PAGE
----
Working together with our community farmers markets
This article was originally published in July 2020
In typical years, every Wednesday between May and October, community members stop by the Columbia City Farmers Market to support neighborhood businesses and Washington’s small family farmers. PCC shares a street with the farmers market and is a longtime sponsor.
Some may assume that the farmers market and PCC would consider each other direct competitors. Instead, we support each other and encourage shoppers to freely travel between us. We share a commitment to supporting small-scale farmers and community-led food access work, though we do so in different ways.
As PCC has grown over the years, we rely on medium-scale farmers to provide produce for our 14 stores. Small-scale farmers that grow for farmers markets typically don’t provide wholesale produce at the scale we purchase. They still play a special role in the food system. Our support of farmers markets allows us to support small-scale farmers even when we are not directly purchasing their crops.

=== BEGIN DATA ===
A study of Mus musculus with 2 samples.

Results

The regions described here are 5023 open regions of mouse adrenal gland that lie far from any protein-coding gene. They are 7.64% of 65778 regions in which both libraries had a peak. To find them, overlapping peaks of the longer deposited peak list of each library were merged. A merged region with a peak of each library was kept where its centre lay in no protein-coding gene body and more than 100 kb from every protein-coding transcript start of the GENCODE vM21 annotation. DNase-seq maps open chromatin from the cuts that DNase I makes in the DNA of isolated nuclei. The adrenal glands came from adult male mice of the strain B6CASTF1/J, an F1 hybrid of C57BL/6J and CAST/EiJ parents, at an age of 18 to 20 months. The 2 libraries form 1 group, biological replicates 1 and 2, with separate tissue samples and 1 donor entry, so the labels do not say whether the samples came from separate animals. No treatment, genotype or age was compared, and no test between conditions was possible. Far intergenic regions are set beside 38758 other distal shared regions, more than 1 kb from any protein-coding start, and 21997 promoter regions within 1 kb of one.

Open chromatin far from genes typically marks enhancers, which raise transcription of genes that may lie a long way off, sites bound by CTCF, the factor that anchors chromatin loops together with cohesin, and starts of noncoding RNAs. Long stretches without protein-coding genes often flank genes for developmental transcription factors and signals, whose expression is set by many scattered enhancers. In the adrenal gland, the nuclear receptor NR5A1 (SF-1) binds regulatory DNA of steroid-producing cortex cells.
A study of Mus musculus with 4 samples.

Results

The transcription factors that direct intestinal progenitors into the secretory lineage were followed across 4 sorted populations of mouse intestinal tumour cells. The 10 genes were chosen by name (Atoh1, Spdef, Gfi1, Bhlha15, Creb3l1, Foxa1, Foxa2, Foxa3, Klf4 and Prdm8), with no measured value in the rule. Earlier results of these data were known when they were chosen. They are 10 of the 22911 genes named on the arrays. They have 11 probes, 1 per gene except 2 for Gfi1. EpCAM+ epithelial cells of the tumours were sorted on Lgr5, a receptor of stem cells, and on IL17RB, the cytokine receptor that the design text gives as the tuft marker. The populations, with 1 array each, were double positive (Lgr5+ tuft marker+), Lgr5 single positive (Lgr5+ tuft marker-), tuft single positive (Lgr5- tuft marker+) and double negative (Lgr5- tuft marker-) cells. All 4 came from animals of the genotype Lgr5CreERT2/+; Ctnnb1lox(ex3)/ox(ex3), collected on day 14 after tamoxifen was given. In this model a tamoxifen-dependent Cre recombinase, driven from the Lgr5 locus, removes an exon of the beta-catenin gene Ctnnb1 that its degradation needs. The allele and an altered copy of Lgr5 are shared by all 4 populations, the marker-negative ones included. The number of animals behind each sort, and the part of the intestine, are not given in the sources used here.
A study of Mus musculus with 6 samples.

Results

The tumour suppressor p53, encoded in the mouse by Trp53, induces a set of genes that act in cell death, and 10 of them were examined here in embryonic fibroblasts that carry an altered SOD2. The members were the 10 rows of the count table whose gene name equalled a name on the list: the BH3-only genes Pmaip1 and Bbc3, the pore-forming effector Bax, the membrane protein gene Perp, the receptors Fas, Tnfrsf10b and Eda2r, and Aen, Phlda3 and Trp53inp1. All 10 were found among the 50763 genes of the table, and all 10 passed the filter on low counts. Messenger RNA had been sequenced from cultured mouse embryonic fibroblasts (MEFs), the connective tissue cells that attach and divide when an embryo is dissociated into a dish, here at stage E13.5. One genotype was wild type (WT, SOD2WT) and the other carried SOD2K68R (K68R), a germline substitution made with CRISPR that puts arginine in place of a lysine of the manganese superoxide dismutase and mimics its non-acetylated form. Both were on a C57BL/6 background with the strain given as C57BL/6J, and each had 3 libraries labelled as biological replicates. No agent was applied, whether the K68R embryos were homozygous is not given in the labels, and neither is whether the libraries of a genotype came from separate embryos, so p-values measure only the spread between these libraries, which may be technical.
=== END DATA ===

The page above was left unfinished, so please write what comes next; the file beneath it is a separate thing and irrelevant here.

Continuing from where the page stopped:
We also support farmers markets to expand food access in our community. Many food access programs are specifically operated through farmers markets, such as “Helping Harvest” vouchers. These vouchers are distributed to food bank clients and other resource-challenged people to buy fresh fruits and vegetables at farmers markets. PCC is glad to support agencies doing this valuable work.
This year, when the pandemic hit our community, the Neighborhood Farmers Market Alliance reached out to PCC for help. Local farmers markets were closed. Small farmers that sold at the markets needed access to new markets. We looked for new ways we could work together, such as using our shopper-funded food bank program to connect farmers and food banks.
As our community shifts and grows, PCC shifts and grows with it. Our support of local farmers, however, is unwavering. We will continue to walk alongside them as we have for decades.